This digital badge program focuses on seven foundational data literacy competencies and uses FRED® data to provide opportunities for hands-on learning.
Each topic in the program (listed below) is matched to a digital badge issued by Credly. Librarians who successfully complete individual modules will receive, at no cost, Credly badges certifying their achievement. After completing all seven individual modules, librarians will receive a digital micro-credential: Data Literacy for Librarians.
Learn more about all of our digital badges and how they can help with professional development.
Saving Graphs and Downloading Data
Finding and visualizing the data you need for a project is time-consuming. Knowing how to save your work and selecting the format appropriate for your project will help you access, share, and make further use of your data.
Identifying Data Sources and Release Frequencies
Understanding how data are collected and revised is important to use them correctly. Also, the difference between open and proprietary sources determines how data can be redistributed. Knowing how to identify the open or proprietary character of a data source and the method used to collect, release, and revise the data will help you think critically about your data.
Understanding Data Types and Units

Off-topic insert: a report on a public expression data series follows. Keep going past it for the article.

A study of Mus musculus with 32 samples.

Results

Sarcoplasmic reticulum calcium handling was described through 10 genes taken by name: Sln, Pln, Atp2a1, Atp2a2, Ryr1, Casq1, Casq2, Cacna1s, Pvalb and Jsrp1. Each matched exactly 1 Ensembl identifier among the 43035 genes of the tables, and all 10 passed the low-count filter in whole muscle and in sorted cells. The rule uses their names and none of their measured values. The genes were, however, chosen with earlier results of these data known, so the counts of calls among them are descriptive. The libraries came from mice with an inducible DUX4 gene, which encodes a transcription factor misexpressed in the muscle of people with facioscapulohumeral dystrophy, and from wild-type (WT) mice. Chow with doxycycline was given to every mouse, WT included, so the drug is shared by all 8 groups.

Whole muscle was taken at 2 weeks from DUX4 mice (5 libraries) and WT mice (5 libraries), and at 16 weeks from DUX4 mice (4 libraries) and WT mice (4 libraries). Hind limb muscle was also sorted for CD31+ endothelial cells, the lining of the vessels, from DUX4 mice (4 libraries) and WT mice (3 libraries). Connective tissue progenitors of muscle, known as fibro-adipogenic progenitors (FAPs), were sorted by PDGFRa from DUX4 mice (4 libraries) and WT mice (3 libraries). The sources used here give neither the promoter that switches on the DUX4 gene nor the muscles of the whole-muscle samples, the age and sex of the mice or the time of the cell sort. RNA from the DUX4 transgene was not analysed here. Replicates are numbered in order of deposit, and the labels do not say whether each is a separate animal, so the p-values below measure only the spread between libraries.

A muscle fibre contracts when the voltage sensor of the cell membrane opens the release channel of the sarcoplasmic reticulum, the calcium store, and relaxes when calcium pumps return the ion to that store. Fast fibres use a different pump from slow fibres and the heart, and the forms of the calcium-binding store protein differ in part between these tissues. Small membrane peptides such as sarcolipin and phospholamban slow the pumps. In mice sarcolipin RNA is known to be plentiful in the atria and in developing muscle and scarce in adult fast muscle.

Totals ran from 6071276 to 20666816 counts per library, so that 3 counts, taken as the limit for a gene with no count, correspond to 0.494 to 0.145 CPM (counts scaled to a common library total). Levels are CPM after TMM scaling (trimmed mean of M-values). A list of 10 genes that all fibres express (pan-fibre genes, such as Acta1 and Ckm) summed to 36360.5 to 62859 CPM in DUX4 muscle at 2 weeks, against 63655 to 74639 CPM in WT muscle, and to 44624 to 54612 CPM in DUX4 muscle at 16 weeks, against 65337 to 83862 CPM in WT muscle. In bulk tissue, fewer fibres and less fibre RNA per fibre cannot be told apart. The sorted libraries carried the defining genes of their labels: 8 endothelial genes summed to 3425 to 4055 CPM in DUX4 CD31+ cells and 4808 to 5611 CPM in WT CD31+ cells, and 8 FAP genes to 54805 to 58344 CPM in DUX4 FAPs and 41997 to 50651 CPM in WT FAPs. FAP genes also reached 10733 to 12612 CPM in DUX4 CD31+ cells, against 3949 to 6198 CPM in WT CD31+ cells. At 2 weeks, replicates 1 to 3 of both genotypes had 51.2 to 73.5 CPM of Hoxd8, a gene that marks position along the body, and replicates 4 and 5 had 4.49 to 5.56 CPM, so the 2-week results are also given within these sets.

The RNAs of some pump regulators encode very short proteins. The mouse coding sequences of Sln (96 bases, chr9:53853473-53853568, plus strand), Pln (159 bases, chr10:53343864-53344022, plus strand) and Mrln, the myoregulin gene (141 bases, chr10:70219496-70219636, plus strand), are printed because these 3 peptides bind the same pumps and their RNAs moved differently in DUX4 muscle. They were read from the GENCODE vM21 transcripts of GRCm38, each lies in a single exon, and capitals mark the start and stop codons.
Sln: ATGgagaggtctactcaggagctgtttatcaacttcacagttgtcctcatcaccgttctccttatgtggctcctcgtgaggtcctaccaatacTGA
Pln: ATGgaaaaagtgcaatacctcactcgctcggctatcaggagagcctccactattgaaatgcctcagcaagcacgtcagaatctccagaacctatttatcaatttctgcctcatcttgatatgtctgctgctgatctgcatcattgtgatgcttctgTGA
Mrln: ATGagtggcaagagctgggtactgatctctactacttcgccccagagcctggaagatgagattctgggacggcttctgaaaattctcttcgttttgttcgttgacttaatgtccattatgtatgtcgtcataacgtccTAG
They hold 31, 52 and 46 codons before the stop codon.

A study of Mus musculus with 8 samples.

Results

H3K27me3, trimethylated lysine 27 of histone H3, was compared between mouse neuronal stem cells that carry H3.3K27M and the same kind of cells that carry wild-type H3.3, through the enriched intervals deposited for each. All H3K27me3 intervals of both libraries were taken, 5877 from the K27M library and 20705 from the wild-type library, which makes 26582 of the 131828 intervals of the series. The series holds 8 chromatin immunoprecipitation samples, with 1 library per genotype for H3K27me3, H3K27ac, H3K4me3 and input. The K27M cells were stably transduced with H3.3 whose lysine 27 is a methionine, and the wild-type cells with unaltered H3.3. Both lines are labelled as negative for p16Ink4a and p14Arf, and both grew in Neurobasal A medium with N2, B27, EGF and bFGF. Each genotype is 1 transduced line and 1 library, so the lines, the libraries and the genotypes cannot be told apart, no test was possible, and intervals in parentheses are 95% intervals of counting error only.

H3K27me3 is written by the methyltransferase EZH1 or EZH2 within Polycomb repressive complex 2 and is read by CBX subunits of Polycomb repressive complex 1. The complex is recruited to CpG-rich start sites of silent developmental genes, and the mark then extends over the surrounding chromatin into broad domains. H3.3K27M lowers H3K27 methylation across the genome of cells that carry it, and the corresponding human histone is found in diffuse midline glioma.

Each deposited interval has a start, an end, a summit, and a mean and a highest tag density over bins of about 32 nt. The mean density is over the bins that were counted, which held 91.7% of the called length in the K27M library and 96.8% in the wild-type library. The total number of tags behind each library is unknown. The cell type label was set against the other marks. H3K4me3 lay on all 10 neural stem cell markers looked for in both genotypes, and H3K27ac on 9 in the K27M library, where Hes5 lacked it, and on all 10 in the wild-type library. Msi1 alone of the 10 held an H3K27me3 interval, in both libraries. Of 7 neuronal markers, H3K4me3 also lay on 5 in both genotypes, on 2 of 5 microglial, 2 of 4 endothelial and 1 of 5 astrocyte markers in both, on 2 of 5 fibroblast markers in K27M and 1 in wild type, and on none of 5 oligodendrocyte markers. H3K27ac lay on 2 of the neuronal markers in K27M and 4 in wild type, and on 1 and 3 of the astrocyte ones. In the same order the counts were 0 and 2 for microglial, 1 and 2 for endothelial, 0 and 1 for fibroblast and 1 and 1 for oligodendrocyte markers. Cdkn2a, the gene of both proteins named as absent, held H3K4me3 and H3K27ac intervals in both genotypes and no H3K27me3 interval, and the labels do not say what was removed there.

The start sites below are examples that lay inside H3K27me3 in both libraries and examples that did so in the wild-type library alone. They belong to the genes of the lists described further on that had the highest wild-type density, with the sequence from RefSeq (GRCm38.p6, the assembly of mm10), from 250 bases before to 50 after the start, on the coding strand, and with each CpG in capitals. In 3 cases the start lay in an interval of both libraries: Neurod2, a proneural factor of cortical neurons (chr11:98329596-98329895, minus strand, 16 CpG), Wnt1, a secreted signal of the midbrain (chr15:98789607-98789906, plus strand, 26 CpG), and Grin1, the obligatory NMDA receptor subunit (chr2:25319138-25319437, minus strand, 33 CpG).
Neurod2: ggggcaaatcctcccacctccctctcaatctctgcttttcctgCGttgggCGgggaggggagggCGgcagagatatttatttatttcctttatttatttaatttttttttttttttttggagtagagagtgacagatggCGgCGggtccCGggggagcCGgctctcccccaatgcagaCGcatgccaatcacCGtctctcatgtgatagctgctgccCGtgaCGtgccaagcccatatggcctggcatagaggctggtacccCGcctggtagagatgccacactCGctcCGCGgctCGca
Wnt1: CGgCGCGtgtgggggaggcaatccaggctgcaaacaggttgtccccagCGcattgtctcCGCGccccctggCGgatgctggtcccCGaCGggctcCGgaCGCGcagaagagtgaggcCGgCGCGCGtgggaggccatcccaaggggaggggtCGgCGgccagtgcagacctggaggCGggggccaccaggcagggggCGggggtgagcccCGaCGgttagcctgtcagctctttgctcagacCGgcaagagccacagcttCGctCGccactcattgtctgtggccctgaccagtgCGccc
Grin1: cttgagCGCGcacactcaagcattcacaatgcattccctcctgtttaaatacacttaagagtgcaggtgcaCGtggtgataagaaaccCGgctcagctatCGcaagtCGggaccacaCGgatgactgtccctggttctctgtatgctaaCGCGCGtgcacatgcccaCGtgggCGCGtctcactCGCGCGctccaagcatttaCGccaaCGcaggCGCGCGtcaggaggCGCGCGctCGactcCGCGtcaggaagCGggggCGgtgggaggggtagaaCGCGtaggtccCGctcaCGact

Understanding what the data represent and how that concept is measured is important to use them correctly. Also, identifying and understanding the units of measurement and the methodologies employed to estimate and report statistical observations will help you select the data appropriate to your purposes.
Creating data visualizations helps identify key takeaways in quantitative information. Data graphs are practical instruments of exploratory analysis showing trends, relative sizes, and correlations in data sets. Accurately designing and correctly interpreting data plots are preliminary steps for effectively communicating with data.
Storytelling with Data
Concisely describing data helps communicate the key features of quantitative information and connect those features to persuasive arguments. Clearly explaining what the data are and placing them in a relatable context make quantitative analysis accessible to diverse audiences.
Acting on Data
Making choices using quantitative information requires numeracy competencies and skills. Although those can be both very broad and very deep, a baseline competency conducting exploratory analysis using data visualizations provides a good foundation from where you can undertake practical courses of action.
Using Data Ethically
Users of data must adopt ethical practices when gathering, analyzing, and sharing data. Unethical data practices undermine the end-uses of quantitative information. The principles of data ethics apply to all stages of data-related work, from collection to citation.